Research output: Chapter in Book/Report/Conference proceedingChapterpeer-review

Original languageEnglish
Title of host publicationThe Handbook of Crisis Communication
EditorsW. Timothy Coombs, Sherry J. Holladay
Place of PublicationHoboken, NJ, USA
PublisherJohn Wiley and Sons Ltd Wiley-Blackwell
Pages209-227
Edition2nd edition
ISBN (Print)9781119678922
Accepted/In press15 Aug 2022
Published1 Nov 2022


    1119678927_1_1_.pdf, 178 KB, application/pdf

    Uploaded date:16 Nov 2022

King's Authors

Abstract

Asmolov offers a conceptual framework that contributes to an understanding of crisis communication in an authoritarian environment with a significant scale of proliferation of digital technologies. It builds on the literature that explores how authoritarian regimes adopt social media and digital platforms in order to protect and maintain political stability and has implication for political crisis communication. The chapter suggests that our understanding of the role of digital platforms in crisis communication in authoritarian environments can be enriched by applying a concept of digitally mediated activity systems. Approaching activity systems as a unit of analysis allows an exploration of the triangle of relationships between crisis, institutional actors, and users of digital platforms in authoritarian states. Asmolov offers a case of political crisis communication in Russia to illustrate how this model can be used to track the adaptation of autocracies to crisis response. Asmolov argues the Russian case allows us to connect two different types of crises – the Russian wildfires and COVID-19, highlighting how the investigation of crisis communication in an authoritarian environment should not focus only on specific crises, since, from a socio-political perspective, different crises have common properties.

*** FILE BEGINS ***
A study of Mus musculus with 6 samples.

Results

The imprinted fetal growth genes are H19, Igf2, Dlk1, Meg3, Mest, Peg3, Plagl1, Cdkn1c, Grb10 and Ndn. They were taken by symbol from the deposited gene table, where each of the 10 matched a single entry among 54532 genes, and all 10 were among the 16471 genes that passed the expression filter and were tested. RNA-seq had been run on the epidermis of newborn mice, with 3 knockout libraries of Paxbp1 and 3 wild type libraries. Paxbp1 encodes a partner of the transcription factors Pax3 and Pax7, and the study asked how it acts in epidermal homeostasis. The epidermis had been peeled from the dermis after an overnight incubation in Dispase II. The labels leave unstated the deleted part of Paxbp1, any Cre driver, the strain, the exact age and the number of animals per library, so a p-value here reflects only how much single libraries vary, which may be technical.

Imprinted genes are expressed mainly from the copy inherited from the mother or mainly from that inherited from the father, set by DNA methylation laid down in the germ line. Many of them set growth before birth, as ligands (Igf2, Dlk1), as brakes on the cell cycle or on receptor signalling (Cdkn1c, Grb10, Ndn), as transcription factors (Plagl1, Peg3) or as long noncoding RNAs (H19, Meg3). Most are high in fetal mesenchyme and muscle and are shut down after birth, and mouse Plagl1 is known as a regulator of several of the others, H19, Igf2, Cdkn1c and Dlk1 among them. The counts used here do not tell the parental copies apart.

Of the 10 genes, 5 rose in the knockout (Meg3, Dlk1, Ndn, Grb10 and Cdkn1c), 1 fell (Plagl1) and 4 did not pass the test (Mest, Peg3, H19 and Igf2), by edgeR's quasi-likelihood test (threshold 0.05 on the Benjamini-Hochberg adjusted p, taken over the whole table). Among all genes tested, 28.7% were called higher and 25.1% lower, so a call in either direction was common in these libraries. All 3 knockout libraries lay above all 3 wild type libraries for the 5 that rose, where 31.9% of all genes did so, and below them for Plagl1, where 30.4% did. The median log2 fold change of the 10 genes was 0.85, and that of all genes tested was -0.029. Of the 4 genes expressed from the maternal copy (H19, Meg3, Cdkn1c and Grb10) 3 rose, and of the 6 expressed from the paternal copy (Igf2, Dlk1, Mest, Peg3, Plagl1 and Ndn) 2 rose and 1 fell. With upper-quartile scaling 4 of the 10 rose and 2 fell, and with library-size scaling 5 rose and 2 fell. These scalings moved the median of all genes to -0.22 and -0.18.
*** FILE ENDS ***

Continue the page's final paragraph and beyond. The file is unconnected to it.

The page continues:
The chapter's theoretical framework allows us to distinguish between crisis communication in democratic and in autocratic environments through focusing on the balance between the need to address the crisis and the need to take the population under control in a crisis context. While one may argue that crisis situations create political risks in any political environment, the priority of crisis communication in autocracies is to mitigate political risks through taking control of the role of digital platforms that mediate relationships between people and crisis, as well between people and the state system. The chapter analysis highlights how the symbolic construction of a crisis and the structure of crisis-related activity systems are deeply interrelated. Addressing simultaneously the construction of a crisis and the development of state-sponsored systems for citizen engagement can be considered as a novel solution to the dictator's dilemma in crisis situations.